A registered nurse injects a dose of the H1N1 flu vaccine at a Toronto health clinic on Thursday, October 29, 2009 (Darren Calabrese/Darren Calabrese/The Canadian Press)

Low H1N1 vaccination rate alarms health experts Add to ...

The announcement that less than one-third of Torontonians received the H1N1 vaccine is taking health experts by surprise and creating alarm over potential system-wide deficiencies with the country's pandemic planning.

It's also raising questions over the lack of solid data on vaccination rates across the country and the accuracy of immunization estimates being used by some cities and provinces.


"I'm surprised that it appears to be significantly lower than that," said Allison McGeer, director of infection control at Toronto's Mount Sinai Hospital.

As policy-makers and health experts evaluate the response to the H1N1 pandemic, Toronto's relatively low vaccination rate signals serious problems that need to be addressed across the system, said Earl Brown, professor in the biochemistry, microbiology and immunology department at the University of Ottawa.

Vaccine programs in Toronto and elsewhere were dogged by inconsistent communication from the government over the availability of the vaccine and who should receive it first, as well as problems with vaccine supply and the prominence of anti-vaccine advocates who spread myths about immunization risks, Prof. Brown said.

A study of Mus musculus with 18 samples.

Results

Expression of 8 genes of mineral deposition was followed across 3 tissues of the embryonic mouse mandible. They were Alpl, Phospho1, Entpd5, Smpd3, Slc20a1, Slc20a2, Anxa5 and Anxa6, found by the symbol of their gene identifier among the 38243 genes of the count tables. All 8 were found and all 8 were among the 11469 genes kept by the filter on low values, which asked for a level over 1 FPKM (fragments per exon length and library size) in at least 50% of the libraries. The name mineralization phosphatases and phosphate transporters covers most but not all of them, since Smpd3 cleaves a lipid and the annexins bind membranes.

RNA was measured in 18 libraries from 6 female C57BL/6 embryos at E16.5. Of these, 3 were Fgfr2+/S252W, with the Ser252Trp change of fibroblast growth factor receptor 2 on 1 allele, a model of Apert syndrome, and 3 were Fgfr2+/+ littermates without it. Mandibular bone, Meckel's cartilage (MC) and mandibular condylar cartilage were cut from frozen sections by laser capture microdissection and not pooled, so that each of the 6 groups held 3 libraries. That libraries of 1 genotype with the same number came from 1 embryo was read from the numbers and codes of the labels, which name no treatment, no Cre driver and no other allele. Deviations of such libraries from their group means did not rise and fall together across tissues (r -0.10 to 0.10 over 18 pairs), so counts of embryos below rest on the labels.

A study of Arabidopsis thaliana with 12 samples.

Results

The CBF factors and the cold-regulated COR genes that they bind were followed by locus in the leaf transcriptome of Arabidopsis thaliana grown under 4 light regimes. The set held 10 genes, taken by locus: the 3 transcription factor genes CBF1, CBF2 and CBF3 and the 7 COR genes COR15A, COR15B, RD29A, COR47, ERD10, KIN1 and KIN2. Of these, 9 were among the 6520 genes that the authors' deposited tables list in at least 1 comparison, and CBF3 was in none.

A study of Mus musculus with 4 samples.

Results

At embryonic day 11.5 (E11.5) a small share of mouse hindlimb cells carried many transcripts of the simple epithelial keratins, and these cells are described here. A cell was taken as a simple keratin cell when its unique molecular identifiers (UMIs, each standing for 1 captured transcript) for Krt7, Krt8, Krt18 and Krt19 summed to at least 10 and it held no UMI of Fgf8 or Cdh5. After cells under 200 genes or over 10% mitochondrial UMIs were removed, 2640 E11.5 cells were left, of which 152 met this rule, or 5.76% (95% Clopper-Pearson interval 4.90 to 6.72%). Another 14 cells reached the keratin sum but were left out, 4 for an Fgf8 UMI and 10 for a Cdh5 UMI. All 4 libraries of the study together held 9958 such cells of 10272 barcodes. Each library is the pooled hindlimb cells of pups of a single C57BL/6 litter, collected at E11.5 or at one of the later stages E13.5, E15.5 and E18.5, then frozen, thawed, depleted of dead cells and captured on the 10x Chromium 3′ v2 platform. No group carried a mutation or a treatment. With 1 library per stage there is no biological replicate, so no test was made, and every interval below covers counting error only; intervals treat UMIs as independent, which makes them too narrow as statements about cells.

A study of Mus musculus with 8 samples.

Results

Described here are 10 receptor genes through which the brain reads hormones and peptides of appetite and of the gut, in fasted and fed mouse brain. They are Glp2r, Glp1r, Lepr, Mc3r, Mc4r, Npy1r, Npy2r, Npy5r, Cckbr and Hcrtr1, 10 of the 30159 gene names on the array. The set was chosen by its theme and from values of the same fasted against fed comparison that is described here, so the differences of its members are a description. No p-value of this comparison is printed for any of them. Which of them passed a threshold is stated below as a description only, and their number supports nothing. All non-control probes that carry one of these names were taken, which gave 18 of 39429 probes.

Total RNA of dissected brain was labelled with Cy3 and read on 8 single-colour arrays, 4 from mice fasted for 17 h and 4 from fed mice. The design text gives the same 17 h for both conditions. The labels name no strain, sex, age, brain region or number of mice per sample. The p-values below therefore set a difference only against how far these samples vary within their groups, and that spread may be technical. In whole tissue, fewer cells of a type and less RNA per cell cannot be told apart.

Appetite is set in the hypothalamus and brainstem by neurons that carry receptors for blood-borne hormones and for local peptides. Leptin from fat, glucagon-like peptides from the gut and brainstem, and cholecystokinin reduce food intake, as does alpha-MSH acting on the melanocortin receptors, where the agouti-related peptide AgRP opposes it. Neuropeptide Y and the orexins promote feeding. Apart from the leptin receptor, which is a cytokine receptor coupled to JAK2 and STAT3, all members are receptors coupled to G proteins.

"When the experts start equivocating, then the public really had to throw up their hands sometimes," he said.

Alberta's chief medical officer of health said the province immunized about 33 per cent of its population and agreed that missteps were made and that pandemic planning needs major improvements.

"Our view in Alberta is going to focus on what we can do better next time," André Corriveau said, citing problems with communication, vaccine delivery and public perception of the risk from the H1N1 flu.

Although most cities and provinces haven't released official reports into the H1N1 pandemic, many have given estimates of H1N1 vaccination rates. B.C. said it administered vaccine to about 40 per cent of the general population. Quebec said it immunized nearly 60 per cent, while Saskatchewan has said more than half were vaccinated. A report from Ottawa Public Health estimated that more than half of the city's residents were immunized.

An official with Toronto Public Health said some of those estimates could change once comprehensive evaluations of the pandemic response are completed and made public. Those reports could reveal that estimates being touted by some parts of the country have been exaggerated; for instance, estimates could include vaccine that was distributed, but never administered.

At this point, Toronto is one of the only areas in Canada to have released its full H1N1 report.

A spokeswoman with the Public Health Agency of Canada said it arrived at its estimate that 45 per cent of Canadians were vaccinated based on numbers provided by provinces and territories.